Almost half of the EBA companies have resumed full operation
Currently, 47% of companies work in full (last month it was 28%), while 50% work partially or with certain restrictions. The latter includes 37% of companies that limited the geography of activities, 17% that switched to online, and 16% that closed a part of offices, outlets, or branches. These are the results of a survey conducted by the European Business Association to identify the business sentiments after 100 days of the war in Ukraine.
Among the companies that previously suspended their work, 17% of them have already resumed it either in full or in part. Now only 3% of companies don’t work – these were 4% in April and 29% in March.
The number of companies that pay full salaries to their employees has increased slightly to 63%. Moreover, 25% make additional or advance payments. Meanwhile, 13% were forced to cut their monetary remuneration, and 9% – to refuse or reduce bonuses. Also, 4% of companies are forced to send staff on unpaid leave, while the number of companies resorting to layoffs has increased slightly to 8% (last month it was 3%).
Businesses continue to allocate resources to support the army and humanitarian efforts in almost the same amounts as they did in the first days of the full-scale war. Besides, 47% of companies continue to supply products and support their employees who have joined the ranks of the Armed Forces of Ukraine or the territorial defense forces. Another 44% help Ukraine with finances, 25% with services, and 18% with medicine or protective/defense equipment. Only 8% of companies report that they have already exhausted their resources to help (against 5% a month ago).
There were virtually no changes in the assessment of the available financial reserves by businesses. One-third of companies (34%) estimate that their financial resilience is sufficient for 6 months, 20% – for a few months, 20% – for a year, and another 19% have financial reserves enough to last for a period longer than a year.
Meanwhile, 5% have already exhausted their financial reserves, while last month it was 3% of businesses. In financial matters, companies rely mainly on their own resources. Thus, 92% of companies did not use state or international funds to support their business.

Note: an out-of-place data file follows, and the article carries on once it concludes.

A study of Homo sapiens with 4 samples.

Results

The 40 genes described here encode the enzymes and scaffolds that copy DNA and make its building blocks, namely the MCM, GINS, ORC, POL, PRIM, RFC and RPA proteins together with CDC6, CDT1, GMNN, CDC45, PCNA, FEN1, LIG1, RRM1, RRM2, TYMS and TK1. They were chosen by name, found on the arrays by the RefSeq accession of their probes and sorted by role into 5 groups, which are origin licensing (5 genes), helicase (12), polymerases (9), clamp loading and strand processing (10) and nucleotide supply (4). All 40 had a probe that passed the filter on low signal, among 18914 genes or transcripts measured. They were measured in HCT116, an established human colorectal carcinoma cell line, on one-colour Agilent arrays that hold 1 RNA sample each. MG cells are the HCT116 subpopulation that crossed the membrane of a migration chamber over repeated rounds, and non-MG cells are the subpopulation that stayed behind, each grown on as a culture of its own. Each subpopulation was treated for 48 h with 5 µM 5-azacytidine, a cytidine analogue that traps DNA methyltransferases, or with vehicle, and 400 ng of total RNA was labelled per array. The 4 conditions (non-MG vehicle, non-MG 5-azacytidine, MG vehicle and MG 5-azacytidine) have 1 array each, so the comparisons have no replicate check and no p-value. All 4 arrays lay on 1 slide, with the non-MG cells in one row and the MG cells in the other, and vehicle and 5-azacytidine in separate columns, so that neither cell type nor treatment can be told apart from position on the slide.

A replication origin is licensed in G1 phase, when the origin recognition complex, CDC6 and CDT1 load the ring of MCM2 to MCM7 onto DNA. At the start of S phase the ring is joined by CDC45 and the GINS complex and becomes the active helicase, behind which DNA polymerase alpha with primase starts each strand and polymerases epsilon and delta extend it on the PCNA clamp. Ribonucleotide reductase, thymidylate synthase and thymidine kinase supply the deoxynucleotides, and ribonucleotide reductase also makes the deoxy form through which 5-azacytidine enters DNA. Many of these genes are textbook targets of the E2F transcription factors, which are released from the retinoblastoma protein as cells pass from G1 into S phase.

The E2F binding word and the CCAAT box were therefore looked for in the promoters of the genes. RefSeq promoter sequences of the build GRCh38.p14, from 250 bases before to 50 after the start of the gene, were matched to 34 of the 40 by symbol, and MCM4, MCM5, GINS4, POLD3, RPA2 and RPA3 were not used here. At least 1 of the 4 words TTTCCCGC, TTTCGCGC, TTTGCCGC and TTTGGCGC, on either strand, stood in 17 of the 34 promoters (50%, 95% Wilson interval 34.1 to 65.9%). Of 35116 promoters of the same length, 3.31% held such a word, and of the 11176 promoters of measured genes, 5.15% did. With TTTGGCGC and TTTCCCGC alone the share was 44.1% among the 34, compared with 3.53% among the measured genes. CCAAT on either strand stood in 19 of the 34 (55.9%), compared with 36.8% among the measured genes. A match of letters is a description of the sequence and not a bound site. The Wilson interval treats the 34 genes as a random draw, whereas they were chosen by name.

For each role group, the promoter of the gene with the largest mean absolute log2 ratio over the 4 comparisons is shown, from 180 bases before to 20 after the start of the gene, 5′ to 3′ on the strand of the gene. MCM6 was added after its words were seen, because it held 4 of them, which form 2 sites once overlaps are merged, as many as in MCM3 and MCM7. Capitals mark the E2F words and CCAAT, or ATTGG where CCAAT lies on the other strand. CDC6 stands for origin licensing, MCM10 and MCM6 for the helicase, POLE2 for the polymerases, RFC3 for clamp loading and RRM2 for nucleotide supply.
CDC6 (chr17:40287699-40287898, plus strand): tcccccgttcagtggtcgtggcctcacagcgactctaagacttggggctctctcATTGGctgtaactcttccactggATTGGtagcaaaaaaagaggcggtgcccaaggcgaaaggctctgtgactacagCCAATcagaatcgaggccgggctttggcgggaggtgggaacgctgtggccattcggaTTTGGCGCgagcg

Businesses also continue to report losses, which, unfortunately, are increasing every month because of warfare. For example, 100 days of the active phase of the war caused losses of up to $1 million for 48% of businesses, another 37% suffered losses ranging from $1 million to $10 million, and 12% reported losses of more than $10 million. Only 2% of businesses suffered no losses. Meanwhile, 42% of the EBA companies report losses of property or other assets as a direct result of hostilities.
Although in the current situation it is extremely difficult to make forecasts, 70% of CEOs expect negative dynamics in their business until the end of 2022, the remaining 15% believe that their business situation will remain unchanged, and 11% hope for the growth of business indicators. It should be reminded that last year 83% of CEOs predicted growth for their business in 2022, and only 2% expected deterioration. Thus, the war has made unfortunate adjustments to the plans of about two-thirds of the EBA companies.
Most companies are not planning significant changes in their staff size or salaries this year as reported by 48% and 58% respectively. Meanwhile, 45% of companies may resort to layoffs and 15% may reduce the remuneration. Although there are positive trends for some businesses, 6% plan to hire new people this year, and 23% plan to increase gradually staff salaries.
The survey was conducted from May 26 to June 2, 2022. Altogether, 101 CEOs of the EBA member companies took part in the survey.